Integrating the humanities into medical education

It’s truly exciting to be working at the intersection of arts and medicine in this vibrant and expanding field. There is an increasing realization today that clinical practice is both an art and a science, and integrating the humanities into medical education is essential to producing well-rounded health professionals who are skilled, caring, open-minded and compassionate.

My work in medical humanities officially began in September 2022, but I have long believed that physical, emotional, mental and spiritual health are inextricably linked, and that art is not a luxury, but a necessity in our lives. As a visual artist and educator, I have experienced and witnessed the power of art to move, energize and heal. I see how our hospitals’ visual, dance, music and drama programs can reduce stress, develop creativity, produce joy and prevent burnout in healthcare workers. Certain programs stand out for these qualities. A splatter art project for highly stressed emergency room nurses drew rave reviews for providing welcome relief and enjoyment and building teamwork. Another project that generated hugely positive responses was the Bloom Project, a crosswalk mural featuring staff-created drawings of flowers. It was instrumental in developing collaboration, satisfaction and pride.

Among the many unsung benefits of the medical humanities is the way it promotes mutual understanding, respect and appreciation between employees in different healthcare sectors. For example, an improv class may include surgeons, environmental service technicians, nurses and stewards. This group might not meet or mingle during an ordinary shift, but they leave a session of creating comedy together with new-found regard for each other’s occupational and extracurricular talents.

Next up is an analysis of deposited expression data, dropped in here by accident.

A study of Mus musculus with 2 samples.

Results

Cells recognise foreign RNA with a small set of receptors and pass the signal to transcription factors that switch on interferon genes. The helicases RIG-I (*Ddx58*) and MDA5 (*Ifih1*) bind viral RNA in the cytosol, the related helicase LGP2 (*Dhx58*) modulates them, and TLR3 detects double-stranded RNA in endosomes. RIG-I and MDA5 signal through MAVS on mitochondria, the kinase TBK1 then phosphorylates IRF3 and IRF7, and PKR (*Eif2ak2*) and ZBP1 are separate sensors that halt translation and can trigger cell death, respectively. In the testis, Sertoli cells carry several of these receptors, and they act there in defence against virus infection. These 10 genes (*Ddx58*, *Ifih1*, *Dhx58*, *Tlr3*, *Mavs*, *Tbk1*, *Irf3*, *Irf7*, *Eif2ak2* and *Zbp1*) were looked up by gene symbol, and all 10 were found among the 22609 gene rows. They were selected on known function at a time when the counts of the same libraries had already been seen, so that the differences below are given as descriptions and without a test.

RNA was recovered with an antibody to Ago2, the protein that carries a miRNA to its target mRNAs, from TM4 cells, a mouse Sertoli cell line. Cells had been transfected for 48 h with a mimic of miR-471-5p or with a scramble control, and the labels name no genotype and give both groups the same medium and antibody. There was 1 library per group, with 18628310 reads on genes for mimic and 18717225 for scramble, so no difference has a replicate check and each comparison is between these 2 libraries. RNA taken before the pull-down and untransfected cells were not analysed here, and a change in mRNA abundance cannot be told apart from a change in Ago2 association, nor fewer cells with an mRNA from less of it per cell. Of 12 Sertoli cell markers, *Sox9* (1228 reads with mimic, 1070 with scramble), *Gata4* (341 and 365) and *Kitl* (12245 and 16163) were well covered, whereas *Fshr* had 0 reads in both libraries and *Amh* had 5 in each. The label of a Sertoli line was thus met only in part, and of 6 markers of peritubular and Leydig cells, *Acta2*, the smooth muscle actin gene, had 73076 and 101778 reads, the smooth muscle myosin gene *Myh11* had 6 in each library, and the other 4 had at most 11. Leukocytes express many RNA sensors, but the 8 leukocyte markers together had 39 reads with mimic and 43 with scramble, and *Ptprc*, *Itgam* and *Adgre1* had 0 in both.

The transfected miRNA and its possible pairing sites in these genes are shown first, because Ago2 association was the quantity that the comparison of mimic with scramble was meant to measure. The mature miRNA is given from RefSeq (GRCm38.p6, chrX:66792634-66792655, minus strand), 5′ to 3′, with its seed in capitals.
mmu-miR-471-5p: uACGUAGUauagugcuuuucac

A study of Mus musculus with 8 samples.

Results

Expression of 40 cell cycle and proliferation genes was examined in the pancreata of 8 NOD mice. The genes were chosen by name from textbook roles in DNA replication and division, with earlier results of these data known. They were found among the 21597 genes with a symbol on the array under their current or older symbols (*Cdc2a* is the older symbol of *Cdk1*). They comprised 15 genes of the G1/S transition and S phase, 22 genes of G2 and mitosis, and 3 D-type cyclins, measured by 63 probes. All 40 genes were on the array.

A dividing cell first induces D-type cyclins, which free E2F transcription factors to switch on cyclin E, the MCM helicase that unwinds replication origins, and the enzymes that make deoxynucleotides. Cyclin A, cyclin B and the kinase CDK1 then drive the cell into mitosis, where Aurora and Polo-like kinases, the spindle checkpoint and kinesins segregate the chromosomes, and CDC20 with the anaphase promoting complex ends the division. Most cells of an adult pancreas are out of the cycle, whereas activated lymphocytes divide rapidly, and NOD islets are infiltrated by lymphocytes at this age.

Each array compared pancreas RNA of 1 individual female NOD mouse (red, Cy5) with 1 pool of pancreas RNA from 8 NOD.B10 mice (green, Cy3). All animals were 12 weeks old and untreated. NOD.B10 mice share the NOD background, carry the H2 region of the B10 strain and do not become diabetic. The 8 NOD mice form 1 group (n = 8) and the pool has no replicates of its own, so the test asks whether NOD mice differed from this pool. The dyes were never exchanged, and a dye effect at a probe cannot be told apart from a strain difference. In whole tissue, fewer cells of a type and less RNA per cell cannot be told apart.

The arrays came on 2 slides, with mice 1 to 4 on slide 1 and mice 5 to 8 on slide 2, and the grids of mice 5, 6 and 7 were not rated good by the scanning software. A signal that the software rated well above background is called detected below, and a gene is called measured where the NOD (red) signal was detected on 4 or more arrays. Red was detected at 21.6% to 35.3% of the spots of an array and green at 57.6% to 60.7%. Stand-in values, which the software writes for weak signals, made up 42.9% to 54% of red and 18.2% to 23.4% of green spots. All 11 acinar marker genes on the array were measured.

I’ve often been asked what motivated my choice of medical humanities as a career and how that has affected my artistic focus. To be honest, I didn’t so much choose this field as it chose me. I had positive experiences creating art installations around Houston, and I saw working directly at a hospital and collaborating with other medical institutions like Baylor as an opportunity to further the integration of arts and medicine and find scope to expand my own themes of identity, mobility and social justice.

To me, art is a superb medium for exposing problems, kindling difficult conversations and presenting solutions for a myriad of social issues. In my upcoming solo show, Covid Masks and Unmasks, I address the role of the pandemic in revealing and exacerbating disparities in healthcare access in Houston. Through art, I challenge viewers to recognize and redress social policies and attitudes that negate human equality and dignity. I also encourage them to uphold hope and faith that problems can be fixed. To quote author Bell Hooks, “There is light in darkness.”

-By Melissa Aytenfisu, B.ED., B.F.A., Project Specialist, Center for Performing Arts Medicine at Houston Methodist Hospital

Want to learn more about this topic? Check out our upcoming Grand Rounds on May 17 at 5 p.m. CT “How the Arts and Humanities Can Help Build Trust and Demonstrate Compassion” featuring Melissa Aytenfisu, B.ED., B.F.A., Project Specialist, Center for Performing Arts Medicine at Houston Methodist Hospital along with Ricardo Nuila, M.D., Associate Professor of Medicine, Director of Humanities Expression and Arts Lab (HEAL) at Baylor College of Medicine and Ramiro Salas, Ph.D., Associate Professor, Department of Psychiatry Research at Baylor College of Medicine. View flyer for more details. Register here.